Carpentry school with X-factor
Tradium Randers is situated in an industrial district to the north-west of the city. Surrounded by slightly anonymous industrial units, a workshop building has been constructed which, in all its simplicity, is something of a masterpiece. Erik Arkitekter has designed the new carpentry school and coordinated the renovation of the adjoining buildings.
Tradium is the name of a large development-oriented vocational college with more than 3,000 students and 500 employees. Its facilities are located at seven different locations, including Hobro, Kolind and Randers in Jutland. Tradium Randers is something of an educational powerhouse, the result of a merger in 2010 between Minerva Business College and Randers Technical College.
Tectonics and transparency
The floor plan of the new, detached building is extremely simple: A square with a circle in the middle and a transverse axis with the main entrance facing east. As simple and symmetrical as an ancient symbol. Nevertheless, both the exterior and interior architecture of the building is quite exciting. The constructions are exposed, the materials are familiar, and form and content have been carefully matched.
The new building comprises two large and flexible carpentry workshops with five-metre-wide doors to the outside, a machine shop, offices and a communal area.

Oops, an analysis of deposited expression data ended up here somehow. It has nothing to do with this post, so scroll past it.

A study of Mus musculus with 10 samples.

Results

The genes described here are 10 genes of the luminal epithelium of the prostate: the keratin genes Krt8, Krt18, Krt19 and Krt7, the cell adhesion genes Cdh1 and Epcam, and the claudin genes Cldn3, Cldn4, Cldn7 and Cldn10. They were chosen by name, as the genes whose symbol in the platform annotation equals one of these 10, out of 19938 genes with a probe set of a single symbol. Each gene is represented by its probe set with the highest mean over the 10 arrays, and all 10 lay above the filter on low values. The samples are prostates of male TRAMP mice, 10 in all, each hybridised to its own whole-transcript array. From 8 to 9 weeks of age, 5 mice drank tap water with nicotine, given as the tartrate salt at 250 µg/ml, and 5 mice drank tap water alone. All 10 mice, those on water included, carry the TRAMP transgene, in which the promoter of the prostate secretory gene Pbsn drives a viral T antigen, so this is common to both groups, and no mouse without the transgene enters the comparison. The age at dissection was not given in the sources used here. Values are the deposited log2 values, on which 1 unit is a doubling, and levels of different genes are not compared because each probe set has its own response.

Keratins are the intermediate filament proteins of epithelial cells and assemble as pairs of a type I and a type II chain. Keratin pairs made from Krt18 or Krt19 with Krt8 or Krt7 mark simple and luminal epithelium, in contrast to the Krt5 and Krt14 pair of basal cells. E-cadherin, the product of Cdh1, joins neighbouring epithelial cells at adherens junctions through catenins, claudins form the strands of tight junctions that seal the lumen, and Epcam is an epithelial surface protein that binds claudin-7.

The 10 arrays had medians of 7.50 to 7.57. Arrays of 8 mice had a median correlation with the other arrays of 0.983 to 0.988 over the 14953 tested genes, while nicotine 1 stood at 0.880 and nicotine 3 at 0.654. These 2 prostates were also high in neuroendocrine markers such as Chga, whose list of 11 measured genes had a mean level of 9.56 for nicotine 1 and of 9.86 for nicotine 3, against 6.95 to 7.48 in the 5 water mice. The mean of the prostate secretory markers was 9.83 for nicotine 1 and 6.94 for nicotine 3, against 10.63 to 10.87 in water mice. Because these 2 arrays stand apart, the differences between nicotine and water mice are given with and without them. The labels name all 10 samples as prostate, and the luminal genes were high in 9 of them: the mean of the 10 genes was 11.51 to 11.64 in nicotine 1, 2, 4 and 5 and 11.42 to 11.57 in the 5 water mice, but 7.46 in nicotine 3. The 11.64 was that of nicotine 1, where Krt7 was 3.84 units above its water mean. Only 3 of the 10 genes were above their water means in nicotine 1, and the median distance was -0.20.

The building is characterised by simplicity, openness, ample daylight and large ‘squares’ and pedestrian ‘thoroughfares’, while carefully integrating transparency, efficient workflows and wayfinding. The acoustics are, of course, an important parameter in the workshops, and through the installation of lots of light Troldtekt acoustic panels on both walls and ceilings, superior acoustics have been achieved most beautifully.
Large glulam structures help to create an inspiring workshop environment. Outside they can be seen as supporting pillars, and inside as exposed beams. The interior of the building is characterised by large open spaces with high ceilings, and provides generous space for tomorrow’s carpenters to hammer away and work on their projects as full-scale 1:1 constructions.